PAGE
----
What is SASS?

SASS is a powerful tool in the modern developer’s toolkit. Syntactically Awesome Style Sheets, have been around, in some form or another, for over a decade. In the past few years, there has been wide-spread adoption thanks to tools like Gulp, Grunt, Codekit, Prepos, LiveReload, and many more.

SASS can create easy-to-maintain, updatable, streamlined, and DRY CSS. It has turned website styling into a more complete language and cut hundreds of hours from site development. It is a truly powerful tool.

New to SASS? Learn more here.

With all programming languages, or in this case, scripting languages, there are always multiple ways to accomplish the same task. With this freedom comes opinions and best practices from seasoned developers. After years of leveraging SASS, I have acquired a few tips that I’ve picked up along the way.


What Are SASS Variables for Colors?

Variables are fairly straight-forward on the surface. You can set a value to a variable then use that variable in multiple rule-sets later in your code. This is easily one of the most important aspects of SASS. However, a lot of developers stop short of really utilizing the power. I’m going to touch on, what I consider to be, the most important parts of variables in SASS; Colors.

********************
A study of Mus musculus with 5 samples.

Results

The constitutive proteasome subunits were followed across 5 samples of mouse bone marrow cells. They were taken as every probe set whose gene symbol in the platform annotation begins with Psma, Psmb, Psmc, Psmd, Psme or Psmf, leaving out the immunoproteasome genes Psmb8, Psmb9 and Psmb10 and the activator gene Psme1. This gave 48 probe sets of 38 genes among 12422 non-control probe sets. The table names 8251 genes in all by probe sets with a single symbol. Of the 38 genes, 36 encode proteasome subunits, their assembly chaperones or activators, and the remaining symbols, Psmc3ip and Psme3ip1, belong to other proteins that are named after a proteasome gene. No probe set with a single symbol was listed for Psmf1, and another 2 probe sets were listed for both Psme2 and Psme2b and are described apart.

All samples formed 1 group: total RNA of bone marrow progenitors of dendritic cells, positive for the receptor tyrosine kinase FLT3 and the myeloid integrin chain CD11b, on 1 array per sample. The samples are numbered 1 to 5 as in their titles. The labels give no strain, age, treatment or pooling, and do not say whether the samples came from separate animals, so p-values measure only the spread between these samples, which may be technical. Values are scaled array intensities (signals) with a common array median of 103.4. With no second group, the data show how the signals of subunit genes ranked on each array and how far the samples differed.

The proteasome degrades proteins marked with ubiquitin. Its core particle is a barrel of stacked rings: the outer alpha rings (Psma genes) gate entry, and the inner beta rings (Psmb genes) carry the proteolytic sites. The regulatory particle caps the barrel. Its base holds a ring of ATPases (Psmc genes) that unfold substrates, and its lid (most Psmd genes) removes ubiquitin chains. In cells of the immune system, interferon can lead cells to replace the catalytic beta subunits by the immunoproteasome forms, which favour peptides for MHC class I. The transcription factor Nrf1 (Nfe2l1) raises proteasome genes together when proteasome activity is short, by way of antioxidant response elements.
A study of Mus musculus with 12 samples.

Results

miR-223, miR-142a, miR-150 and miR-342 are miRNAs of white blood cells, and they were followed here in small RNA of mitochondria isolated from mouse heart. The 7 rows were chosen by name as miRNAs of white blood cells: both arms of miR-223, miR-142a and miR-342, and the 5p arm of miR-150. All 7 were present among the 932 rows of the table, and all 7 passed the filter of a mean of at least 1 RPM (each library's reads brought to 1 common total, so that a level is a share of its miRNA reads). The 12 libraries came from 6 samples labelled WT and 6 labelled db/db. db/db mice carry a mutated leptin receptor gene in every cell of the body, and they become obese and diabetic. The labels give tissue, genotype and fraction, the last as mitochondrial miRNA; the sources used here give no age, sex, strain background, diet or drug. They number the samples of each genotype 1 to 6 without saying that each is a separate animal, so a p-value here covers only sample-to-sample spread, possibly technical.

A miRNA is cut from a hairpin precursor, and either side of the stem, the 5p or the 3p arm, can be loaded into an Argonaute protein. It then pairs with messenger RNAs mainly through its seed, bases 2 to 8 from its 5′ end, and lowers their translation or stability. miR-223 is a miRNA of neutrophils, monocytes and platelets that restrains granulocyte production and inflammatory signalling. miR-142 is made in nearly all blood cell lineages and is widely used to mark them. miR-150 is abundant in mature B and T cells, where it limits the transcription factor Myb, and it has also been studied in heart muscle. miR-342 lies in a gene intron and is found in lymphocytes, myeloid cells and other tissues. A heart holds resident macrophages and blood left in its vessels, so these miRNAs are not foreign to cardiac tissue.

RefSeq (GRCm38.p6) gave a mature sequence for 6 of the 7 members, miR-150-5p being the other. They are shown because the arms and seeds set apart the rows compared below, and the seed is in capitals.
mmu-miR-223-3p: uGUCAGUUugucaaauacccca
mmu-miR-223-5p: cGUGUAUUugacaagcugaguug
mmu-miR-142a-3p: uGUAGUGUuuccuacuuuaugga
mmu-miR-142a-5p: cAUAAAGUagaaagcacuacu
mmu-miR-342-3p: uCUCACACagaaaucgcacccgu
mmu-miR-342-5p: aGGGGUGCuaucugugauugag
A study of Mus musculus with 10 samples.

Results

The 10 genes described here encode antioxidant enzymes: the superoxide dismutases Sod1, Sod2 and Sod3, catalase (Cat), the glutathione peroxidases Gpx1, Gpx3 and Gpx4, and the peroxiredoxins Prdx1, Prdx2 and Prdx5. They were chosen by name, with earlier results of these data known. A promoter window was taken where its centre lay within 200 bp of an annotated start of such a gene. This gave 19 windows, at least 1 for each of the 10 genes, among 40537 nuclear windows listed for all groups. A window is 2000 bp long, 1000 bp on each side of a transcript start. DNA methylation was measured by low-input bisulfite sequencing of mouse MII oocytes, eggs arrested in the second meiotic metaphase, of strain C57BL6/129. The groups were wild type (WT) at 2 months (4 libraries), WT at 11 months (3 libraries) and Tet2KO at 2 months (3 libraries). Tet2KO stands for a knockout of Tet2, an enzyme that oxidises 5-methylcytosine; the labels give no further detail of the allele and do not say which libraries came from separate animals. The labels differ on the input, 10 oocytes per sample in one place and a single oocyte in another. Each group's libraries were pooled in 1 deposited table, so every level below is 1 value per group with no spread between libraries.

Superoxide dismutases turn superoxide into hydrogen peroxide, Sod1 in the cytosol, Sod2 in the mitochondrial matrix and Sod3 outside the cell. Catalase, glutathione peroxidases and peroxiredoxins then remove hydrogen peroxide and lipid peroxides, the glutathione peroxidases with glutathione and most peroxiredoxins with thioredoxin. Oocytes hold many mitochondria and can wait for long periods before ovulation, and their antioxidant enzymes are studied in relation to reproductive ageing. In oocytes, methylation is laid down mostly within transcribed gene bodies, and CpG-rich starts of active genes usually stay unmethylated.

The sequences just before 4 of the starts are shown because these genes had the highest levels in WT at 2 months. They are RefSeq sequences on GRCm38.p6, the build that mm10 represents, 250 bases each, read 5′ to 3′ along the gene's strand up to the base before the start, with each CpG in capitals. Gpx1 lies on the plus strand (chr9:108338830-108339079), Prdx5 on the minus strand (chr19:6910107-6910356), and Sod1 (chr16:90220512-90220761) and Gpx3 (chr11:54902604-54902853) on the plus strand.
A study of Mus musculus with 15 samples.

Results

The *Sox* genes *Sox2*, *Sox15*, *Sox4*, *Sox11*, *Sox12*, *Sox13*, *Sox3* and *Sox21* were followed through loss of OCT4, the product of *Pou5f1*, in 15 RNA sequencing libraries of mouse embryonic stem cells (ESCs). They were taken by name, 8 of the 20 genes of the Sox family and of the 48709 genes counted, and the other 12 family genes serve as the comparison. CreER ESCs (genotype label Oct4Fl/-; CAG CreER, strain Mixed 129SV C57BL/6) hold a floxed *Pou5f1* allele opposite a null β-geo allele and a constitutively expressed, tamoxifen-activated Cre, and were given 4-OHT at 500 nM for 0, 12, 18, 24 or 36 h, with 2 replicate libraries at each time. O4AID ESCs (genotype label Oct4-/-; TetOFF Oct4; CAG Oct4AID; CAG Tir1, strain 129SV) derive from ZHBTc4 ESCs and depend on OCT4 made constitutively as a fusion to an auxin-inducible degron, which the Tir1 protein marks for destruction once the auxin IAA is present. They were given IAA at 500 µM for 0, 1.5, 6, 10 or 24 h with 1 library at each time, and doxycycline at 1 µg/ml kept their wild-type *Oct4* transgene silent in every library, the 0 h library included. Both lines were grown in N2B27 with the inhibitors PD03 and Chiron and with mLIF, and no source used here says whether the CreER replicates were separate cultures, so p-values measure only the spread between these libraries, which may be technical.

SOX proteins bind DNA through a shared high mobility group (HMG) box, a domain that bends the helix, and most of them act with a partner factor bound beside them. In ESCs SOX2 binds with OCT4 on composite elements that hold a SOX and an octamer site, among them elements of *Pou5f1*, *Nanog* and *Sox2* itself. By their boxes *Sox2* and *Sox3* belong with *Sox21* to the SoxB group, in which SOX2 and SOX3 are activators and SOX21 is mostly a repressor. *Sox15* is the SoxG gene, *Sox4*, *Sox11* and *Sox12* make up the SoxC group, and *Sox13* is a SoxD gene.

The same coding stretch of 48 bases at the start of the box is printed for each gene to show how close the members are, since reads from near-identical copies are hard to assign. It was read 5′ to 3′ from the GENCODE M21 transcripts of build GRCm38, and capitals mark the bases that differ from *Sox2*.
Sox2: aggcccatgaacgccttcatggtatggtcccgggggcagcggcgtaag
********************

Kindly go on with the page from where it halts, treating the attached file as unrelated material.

Here is a sample set of declarations that could have been lifted from one of my projects, though it is simplified for this post.

// Colors
$color-green-emerald: #6cb784;
$color-green-olivine: #00ff00;
$gray-light: #a5a5a5;
 // Setting static variables
$btn-color: $color-green-emerald;
$border-color: $gray-light;
$color-emphasis: $color-green-olivine
.sidebar {
    h3 {
        color: $color-emphasis;

Prefix Your Variables:

This tip is often met with criticism at first; however, it has saved me tons of time when writing, updating, and reviewing code. It’s a simple modification that can safe countless hours when leveraging SASS variables for colors.

Prefixing your colors with the word color allows your code editor to prompt you with available colors. The larger the site, the more important this is. It’s probably rare to have other variables names that should be called $green. Though why risk putting yourself in that position?


But Why $color-green-emerald?

How often do you have multiple colors that could be named the same? Color variations are commonplace and are a necessary part of design. We can fall back on simplistic ways of doing things like…

$green-light, $green-regular, $green-dark, $green-darker, $green-darkest, $green-darkester…

OR we can use the closest matching color name available. Name That Color is a helpful tool that will tell you a color name based on a hex value. At first, this may be difficult; however, after a few uses, you will have a much more succinct color name and a richer color vocabulary to boot.

This kind of SASS variables for colors strategy can sometimes feel like it’s creating more work or that it isn’t utilizing proper DRY principles. There is a balancing act we must do on every project; although, it’s a safe bet that if you follow this rule, you’ll thank me in the future.